Future embraces the monster on DS2, his most honest album yet

Future’s music has always been crafted on, about and for drugs, from the ecstatic, emotional highs to the paranoid, anxious lows, but ever since last fall, he seems to only be hitting the latter. Monster, Beast Mode and 56 Nights are album-grade, single-minded projects with none of the joy of Pluto but all of the drug-drenched malice — and understandably so. There have been two threads in Future’s life in the wake of Honest — the mixed reactions to the album and his breakup with Ciara — and DS2 continues the path he’s been on for nearly a year.

Despite a positive critical reception, Honest didn’t live up to the expectations of Future or some of his fans. The nearly two-year gestation period resulted in an uneven album that wasn’t sure what it wanted to be; Future seemed to struggle with the cognitive dissonance of ‘Honest’ and ‘Move That Dope’. He had lost sight of his music, his vision clouded by the advice of others (“Tryna make a pop star and they made a monster / They should’ve told you I’m was just a trap nigga”), and since October’s Monster, he’s been trying to right those wrongs.

While he was struggling musically, he was also losing control of his personal life. As he tells it in mini-doc Like I Never Left, Future was uncomfortable with Ciara’s push to have their wedding be a media event, and was hurt when she passed on working with him and Mike Will (as she had on Ciara) to work with Dr. Luke (who masterminded the lukewarm Jackie). They broke their engagement in August amid rumors of his cheating; months later, Monster painted the picture of a lover scorned, hurt and vengeful, drowning in drugs and back on the streets — an image that continued on Beast Mode, 56 Nights and now DS2. The way he kicks off the album — “Bitch, Imma choose the dirty over you / You know I ain’t scared to lose you / They don’t like it when you’re telling the truth / I’d rather be realer than you” — leaves little unsaid.

On DS2, Future — like many artists before him — has turned this personal and professional tumult into art, simultaneously returning to his roots while also continuing to push rap forward. Every one of his grumbles, groans and grunts packs an emotional punch as he unravels images of Gucci flip-flops, codeine-colored piss and Actavis baptisms. His trap tales are loaded with detail (“I can’t believe the blood ain’t on my shirt / because he got hit close-range”); he casually outdoes fashion rappers (“Alexander McQueen is therapeutic”) and takes shots that others can’t pull off (“My Cuban Linx bigger than the Wu Tang”). He is focused and back in control.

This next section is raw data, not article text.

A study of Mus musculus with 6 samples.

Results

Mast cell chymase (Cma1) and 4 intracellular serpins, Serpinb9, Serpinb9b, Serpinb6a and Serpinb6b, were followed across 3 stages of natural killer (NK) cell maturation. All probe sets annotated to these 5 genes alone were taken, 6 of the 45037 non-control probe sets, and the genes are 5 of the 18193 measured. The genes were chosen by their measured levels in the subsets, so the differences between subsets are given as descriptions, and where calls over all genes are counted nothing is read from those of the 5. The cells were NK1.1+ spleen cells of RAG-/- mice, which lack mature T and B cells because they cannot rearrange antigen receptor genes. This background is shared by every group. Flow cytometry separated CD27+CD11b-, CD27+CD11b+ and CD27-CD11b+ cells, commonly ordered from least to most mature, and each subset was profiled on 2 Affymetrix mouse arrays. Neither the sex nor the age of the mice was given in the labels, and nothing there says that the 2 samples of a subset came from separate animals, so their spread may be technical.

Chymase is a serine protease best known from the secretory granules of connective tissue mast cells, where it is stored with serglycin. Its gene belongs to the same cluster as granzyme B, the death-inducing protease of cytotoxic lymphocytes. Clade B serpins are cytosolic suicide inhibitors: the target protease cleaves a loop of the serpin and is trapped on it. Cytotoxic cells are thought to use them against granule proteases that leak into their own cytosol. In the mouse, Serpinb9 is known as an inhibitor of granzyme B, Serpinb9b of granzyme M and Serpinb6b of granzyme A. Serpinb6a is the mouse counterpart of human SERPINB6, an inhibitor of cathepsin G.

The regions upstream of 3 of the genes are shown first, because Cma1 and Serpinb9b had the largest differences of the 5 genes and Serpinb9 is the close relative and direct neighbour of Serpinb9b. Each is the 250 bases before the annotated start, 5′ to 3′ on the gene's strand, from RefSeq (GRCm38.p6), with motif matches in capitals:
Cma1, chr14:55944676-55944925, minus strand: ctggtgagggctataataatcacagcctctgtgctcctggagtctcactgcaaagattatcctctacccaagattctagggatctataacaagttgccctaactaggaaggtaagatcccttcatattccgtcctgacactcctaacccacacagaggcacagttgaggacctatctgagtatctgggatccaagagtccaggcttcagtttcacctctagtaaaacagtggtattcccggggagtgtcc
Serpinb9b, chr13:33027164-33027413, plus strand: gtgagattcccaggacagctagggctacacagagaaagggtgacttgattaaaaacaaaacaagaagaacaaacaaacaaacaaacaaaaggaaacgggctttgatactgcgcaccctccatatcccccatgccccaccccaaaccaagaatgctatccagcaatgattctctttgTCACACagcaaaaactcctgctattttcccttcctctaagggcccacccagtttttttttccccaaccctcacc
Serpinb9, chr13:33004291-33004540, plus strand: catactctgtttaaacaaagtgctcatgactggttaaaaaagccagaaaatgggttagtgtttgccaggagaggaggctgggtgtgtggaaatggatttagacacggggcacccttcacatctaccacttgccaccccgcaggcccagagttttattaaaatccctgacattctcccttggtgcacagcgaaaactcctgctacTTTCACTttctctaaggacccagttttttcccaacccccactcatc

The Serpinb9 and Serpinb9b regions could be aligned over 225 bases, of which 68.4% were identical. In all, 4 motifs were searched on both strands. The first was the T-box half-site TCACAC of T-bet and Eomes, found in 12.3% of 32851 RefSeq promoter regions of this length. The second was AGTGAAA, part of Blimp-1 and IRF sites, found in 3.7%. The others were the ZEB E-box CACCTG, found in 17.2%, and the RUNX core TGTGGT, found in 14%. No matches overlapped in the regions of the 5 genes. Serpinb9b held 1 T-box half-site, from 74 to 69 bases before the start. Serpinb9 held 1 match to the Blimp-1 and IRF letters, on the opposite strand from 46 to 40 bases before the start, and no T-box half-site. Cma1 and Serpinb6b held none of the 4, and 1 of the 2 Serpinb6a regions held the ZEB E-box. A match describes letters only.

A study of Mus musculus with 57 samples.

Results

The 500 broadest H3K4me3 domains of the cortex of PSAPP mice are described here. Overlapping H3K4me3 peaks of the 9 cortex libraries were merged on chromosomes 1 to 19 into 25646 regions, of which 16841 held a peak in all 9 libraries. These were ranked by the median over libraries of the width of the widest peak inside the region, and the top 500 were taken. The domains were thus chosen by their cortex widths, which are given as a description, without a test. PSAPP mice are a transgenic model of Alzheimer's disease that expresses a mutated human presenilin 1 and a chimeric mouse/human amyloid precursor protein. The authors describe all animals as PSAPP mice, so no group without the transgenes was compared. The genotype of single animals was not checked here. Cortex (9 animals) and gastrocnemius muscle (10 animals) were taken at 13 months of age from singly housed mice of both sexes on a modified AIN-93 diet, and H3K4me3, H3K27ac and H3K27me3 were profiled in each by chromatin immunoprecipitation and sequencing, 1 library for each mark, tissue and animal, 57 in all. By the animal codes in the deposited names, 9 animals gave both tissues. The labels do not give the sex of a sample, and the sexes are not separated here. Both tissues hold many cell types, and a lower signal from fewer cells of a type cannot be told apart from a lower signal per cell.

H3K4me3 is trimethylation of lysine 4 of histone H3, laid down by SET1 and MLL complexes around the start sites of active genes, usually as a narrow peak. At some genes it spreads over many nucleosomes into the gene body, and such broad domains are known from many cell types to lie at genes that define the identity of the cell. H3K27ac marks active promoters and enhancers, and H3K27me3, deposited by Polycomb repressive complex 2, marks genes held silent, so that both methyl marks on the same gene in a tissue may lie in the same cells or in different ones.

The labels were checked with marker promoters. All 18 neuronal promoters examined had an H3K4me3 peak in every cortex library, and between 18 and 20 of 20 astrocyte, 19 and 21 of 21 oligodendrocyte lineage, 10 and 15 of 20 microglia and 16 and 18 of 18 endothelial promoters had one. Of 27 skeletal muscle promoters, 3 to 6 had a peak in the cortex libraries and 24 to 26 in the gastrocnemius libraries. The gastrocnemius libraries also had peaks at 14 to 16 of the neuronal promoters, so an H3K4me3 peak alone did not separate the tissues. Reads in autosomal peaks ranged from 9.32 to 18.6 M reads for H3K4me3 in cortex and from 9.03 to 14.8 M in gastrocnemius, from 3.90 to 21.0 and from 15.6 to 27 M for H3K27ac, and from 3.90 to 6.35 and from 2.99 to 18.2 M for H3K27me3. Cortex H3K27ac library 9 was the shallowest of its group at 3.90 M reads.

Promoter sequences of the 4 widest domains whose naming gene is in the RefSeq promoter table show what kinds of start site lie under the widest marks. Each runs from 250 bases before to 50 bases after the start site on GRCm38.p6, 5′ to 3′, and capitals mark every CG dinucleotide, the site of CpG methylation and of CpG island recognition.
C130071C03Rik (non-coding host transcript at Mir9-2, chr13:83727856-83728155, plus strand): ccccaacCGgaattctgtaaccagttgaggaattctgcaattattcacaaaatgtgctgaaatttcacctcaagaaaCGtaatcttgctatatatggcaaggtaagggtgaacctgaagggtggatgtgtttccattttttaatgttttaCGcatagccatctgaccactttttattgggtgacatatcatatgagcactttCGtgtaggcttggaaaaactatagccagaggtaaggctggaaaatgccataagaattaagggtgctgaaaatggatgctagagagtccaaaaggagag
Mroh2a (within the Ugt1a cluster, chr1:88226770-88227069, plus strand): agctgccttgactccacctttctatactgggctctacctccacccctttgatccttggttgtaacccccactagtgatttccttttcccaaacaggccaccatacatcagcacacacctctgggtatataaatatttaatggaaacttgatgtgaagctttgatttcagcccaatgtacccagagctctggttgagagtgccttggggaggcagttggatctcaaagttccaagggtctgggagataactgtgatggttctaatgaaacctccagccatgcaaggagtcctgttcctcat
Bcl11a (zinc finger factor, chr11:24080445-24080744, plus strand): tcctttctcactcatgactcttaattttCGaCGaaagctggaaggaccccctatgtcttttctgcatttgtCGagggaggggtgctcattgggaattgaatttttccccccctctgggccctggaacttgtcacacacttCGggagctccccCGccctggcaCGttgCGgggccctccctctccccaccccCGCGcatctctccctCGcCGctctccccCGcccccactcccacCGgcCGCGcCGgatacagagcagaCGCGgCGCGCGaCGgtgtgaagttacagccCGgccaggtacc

Amid tales of making money on the street (‘Lil One’, ‘Stick Talk’, ‘Blood On the Money’) and spending it on designer gear (‘Blow A Bag’) are dispatches from his post-Ciara single life (‘Groupies’, ‘Freak Hoes’, ‘Rotation’). The lone ballad is ‘Rich $ex’, a welcome return of the rap-R&B bedroom hybrids he mastered on Pluto. But while he’s having fun pulling groupies off Instagram, the loss of love and lack of trust have left their marks.

His prodigious drug use has moved beyond boasts to cries-for-help; if his lyrics are true, he’s doing Xanax and Percocet and Lortabs and molly by the handful, washing it down with Hennessy and the dirty Sprite of the title. He’s self-medicating (“I pour me up some drank, say ‘Fuck my problems’”), heavy with paranoia (“I know the devil is real, I know the devil is real / I take a dose of them pills and I get real low in the field”) and resignation (“Started sipping syrup, I’ve been geeked ever since”) — this is the most sobering portrayal of drug addiction since Requiem for a Dream.

Sonically, DS2 continues to put the crossover attempts of Honest in the rearview. Metro Boomin provides a steady hand behind the boards, with assists by Southside, Sonny Digital, Zaytoven and others, crafting haunting horror scores that seem designed to blow out speakers: distorted basslines, digital screams, pound-your-desk drums and dive-bombing blasts of noise provide the counterpoint to Future’s damaged vocals.

Also gone is the haphazard sequencing of Honest; in its deluxe format, DS2 is a relentless, dud-free hour that adds in most of his recent highlights (‘Fuck Up Some Commas’, ‘Real Sisters’ and ‘Trap Niggas’; only ‘March Madness’ is missing) to complete the story of his last year: as he says in Like I Never Left, the album is about “how to fail in front of the world and bounce back.”

In that way, he is reclaiming the narrative. For nearly half a decade, Future has been the most influential rapper in rap’s most important city, and DS2 is the crowning achievement of a movement that began with the first Dirty Sprite back in 2011. If Honest is the tale of a hustler-with-a-heart-of-gold that finally made it, DS2 is our protagonist’s disillusioned return to the world that made him. It may be a cautionary tale, but at least it’s honest.